Living the WELL Life

Ice or Heat… I’m So Confused! - by Ken Dill

Friday, March 12, 2010

You are exercising (good work by you!) when you feel a pain in your leg.  You stop for a minute to check if it’s all right.  All the while you are wondering…should I stop or continue ?…should I ice it or heat it?  Then you do what most people do and just try to ignore it and hope it goes away.  Nothing in medicine is 100% sure, but here is what I’ve learned over the past 27 years and 10’s of thousands of patients.  I hope it helps you.

First of all, never ignore a pain.  Your body is telling you something and you should pay attention.  You need to figure out what it’s telling you and take appropriate action.

1.    If it’s a minor pain during an exercise and it lasts less than a minute, you probably moved a little out of proper mechanics. Your body is reminding you to focus on your positioning and you should be able to continue.
2.    If it’s a minor pain but it continues, then stop that exercise for the day.  You may carefully try going on with others in your routine.  If they don’t increase the pain, continue.  If it increases the pain, then cut the workout short and apply ice a.s.a.p. for 15-20 minutes.  This will usually take care of any minor strains and you can be back to normal the next day.
3.    If the pain is moderate, apply the same logic but be much more aware of the pain increasing.  At the slightest increase in pain, stop and ice for 15-20 minutes.
4.    Severe pain during an exercise requires that you stop exercising; immediately apply  ice; then contact a health professional (i.e. doctor, physical therapist, ATC, etc.) to evaluate your next step, treatment or diagnostic testing.

These are all acute types of injuries and ice is always done a.s.a.p. for 24-48 hours.  Then continue applying ice 15 minutes on, 1 hour off as much as you can until the pain is gone.  If it’s not gone in a week, see your favorite P.T. or doctor to discuss the next step.

If you get a pain later after a workout, it’s a little harder to decide what to do.  There is no direct cause that is obvious, so apply these principles:

A.    If it’s a new pain that you’ve never had before, use the same logic as #3 above.  Try to figure out what may have caused it so you can decrease your risk of getting it again.  If the pain remains beyond 48 hours but seems to be improving you may try heat.  Moist heat is most comfortable but otherwise, heat is heat.  It will relax the muscles and increase circulation.  Also note: heat and ice are not mutually exclusive.  You may get benefit from both.  You can ice 15 minutes; wait an hour (until temperature returns to normal); then heat for 20-30 minutes and repeat. Always wait at least an hour between.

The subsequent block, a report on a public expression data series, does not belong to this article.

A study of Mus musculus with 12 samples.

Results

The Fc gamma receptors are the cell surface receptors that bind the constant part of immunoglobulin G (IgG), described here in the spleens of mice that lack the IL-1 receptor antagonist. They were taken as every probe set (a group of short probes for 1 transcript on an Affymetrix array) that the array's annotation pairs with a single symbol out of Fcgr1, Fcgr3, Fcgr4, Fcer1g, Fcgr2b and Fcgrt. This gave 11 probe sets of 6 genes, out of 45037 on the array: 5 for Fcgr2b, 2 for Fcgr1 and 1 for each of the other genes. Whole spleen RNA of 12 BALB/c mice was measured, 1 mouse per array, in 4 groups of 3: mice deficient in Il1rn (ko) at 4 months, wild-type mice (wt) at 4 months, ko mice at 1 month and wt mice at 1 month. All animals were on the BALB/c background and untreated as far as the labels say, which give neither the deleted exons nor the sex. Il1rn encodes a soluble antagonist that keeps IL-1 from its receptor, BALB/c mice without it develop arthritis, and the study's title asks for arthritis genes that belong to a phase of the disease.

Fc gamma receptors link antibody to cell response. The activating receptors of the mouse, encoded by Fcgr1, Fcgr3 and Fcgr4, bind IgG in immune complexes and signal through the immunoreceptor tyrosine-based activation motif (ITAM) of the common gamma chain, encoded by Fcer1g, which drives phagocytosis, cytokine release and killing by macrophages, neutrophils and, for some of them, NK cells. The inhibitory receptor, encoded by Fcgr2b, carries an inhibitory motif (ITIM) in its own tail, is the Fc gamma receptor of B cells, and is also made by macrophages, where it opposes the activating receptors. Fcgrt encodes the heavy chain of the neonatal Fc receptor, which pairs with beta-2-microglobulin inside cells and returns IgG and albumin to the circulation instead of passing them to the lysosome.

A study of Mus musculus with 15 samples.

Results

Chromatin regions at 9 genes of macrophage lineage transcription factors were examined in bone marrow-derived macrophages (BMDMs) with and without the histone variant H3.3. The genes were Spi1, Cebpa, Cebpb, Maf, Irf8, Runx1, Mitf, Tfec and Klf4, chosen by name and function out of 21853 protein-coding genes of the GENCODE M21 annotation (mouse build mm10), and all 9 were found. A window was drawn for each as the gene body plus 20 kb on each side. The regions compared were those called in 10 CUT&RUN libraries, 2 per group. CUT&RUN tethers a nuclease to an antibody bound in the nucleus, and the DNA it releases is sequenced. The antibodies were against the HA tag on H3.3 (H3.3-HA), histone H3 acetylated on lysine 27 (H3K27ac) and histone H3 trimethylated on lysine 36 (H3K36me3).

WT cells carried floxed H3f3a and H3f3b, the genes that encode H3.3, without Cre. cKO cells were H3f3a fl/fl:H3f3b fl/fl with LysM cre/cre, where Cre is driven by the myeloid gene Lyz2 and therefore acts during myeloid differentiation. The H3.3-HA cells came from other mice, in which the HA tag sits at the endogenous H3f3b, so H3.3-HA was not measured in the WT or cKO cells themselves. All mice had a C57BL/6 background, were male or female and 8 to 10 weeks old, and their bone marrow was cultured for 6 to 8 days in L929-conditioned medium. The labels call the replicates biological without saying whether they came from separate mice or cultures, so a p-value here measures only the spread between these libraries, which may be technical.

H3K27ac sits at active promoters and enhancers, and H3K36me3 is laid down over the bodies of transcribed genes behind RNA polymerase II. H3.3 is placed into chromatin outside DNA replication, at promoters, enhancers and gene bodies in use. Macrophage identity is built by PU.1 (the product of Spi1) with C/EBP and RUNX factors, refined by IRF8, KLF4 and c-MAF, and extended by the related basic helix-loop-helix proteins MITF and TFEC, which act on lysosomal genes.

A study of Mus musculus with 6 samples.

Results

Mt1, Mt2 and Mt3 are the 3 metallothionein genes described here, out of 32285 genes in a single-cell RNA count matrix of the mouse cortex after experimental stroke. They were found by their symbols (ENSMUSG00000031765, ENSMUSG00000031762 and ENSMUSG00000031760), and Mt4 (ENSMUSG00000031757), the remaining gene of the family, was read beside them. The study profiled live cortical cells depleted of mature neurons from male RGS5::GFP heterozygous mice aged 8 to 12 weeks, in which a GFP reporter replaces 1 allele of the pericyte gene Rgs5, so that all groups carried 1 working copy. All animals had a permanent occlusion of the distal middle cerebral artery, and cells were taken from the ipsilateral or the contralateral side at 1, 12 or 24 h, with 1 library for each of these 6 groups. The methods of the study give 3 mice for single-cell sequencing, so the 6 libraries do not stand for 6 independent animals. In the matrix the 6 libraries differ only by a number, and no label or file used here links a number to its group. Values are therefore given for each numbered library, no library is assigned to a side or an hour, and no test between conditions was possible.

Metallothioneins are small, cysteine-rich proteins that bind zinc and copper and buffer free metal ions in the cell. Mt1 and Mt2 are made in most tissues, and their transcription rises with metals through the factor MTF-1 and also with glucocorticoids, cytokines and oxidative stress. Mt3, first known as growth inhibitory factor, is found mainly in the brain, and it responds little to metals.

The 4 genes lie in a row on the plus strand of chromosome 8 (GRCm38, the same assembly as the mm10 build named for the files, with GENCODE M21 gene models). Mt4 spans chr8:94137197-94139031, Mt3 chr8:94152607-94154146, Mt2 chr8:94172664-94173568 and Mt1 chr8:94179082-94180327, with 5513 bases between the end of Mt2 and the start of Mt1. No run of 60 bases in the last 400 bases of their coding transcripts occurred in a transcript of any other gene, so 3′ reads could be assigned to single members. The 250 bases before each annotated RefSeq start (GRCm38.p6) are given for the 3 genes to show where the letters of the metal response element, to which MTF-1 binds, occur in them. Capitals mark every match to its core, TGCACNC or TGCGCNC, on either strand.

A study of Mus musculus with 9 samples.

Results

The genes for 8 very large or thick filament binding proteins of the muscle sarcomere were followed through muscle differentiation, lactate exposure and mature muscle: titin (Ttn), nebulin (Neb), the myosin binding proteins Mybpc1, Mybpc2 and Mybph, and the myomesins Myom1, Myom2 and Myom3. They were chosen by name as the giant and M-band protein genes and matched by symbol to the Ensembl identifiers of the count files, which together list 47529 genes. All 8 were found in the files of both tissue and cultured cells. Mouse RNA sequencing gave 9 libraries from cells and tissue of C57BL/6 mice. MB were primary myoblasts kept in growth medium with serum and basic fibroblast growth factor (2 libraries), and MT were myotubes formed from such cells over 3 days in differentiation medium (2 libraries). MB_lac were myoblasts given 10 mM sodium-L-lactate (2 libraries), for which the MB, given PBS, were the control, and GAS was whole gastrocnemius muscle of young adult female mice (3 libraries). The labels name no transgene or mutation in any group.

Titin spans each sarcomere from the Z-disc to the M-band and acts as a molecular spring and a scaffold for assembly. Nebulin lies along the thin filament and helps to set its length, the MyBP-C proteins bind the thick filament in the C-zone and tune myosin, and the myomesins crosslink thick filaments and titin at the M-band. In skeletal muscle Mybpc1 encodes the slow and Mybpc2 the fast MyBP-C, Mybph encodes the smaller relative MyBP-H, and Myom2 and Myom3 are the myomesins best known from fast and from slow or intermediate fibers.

B.    If it’s a previous pain – “bad back”  “old football injury”, “trick knee” or whatever you want to call it – you should still ice it if it is a new episode of pain.  It there is no swelling after 24-48 hours, you can add heat and use either/or as outlined before.  Anything that stays swollen should keep getting ice until it goes down.  If not improving in 3-5 days, seek professional advice (not from a friend, neighbor, uncle or the guy on the next machine at the gym who says he had the same thing!). Note:  the “same thing” is never the “same thing” because you are you and he is not.  So even if it sounds the same or appears similar, it could be very different and require different treatment.  Call your P.T. and save yourself a lot of time, pain, aggravation and possibly money.

Also for the record, the old adage “no pain, no gain” is not true and should not be your philosophy of exercise.  Exercise is a fundamental need for your body to achieve higher status of wellness and should feel good!  It does require effort to get the benefit.  As you exercise more and increase difficulty, you will learn to distinguish between a “good soreness” of an increase in fitness level and a pain that will set you back.  If you’re not sure, don’t risk injury.  Exercise – just like eating well – should always be to advance your health continuum, not reverse it.

So when you are exercising (playing a sport, gardening, etc.) and your body sends you a pain signal , do yourself a favor and pay attention to it.  If you follow these basic guidelines, you can make the necessary adjustments to continue seeking optimum health/wellness…and not spend time rehabilitating an injury that may have been avoided at the onset.  When at the gym, use your head as well as your muscles!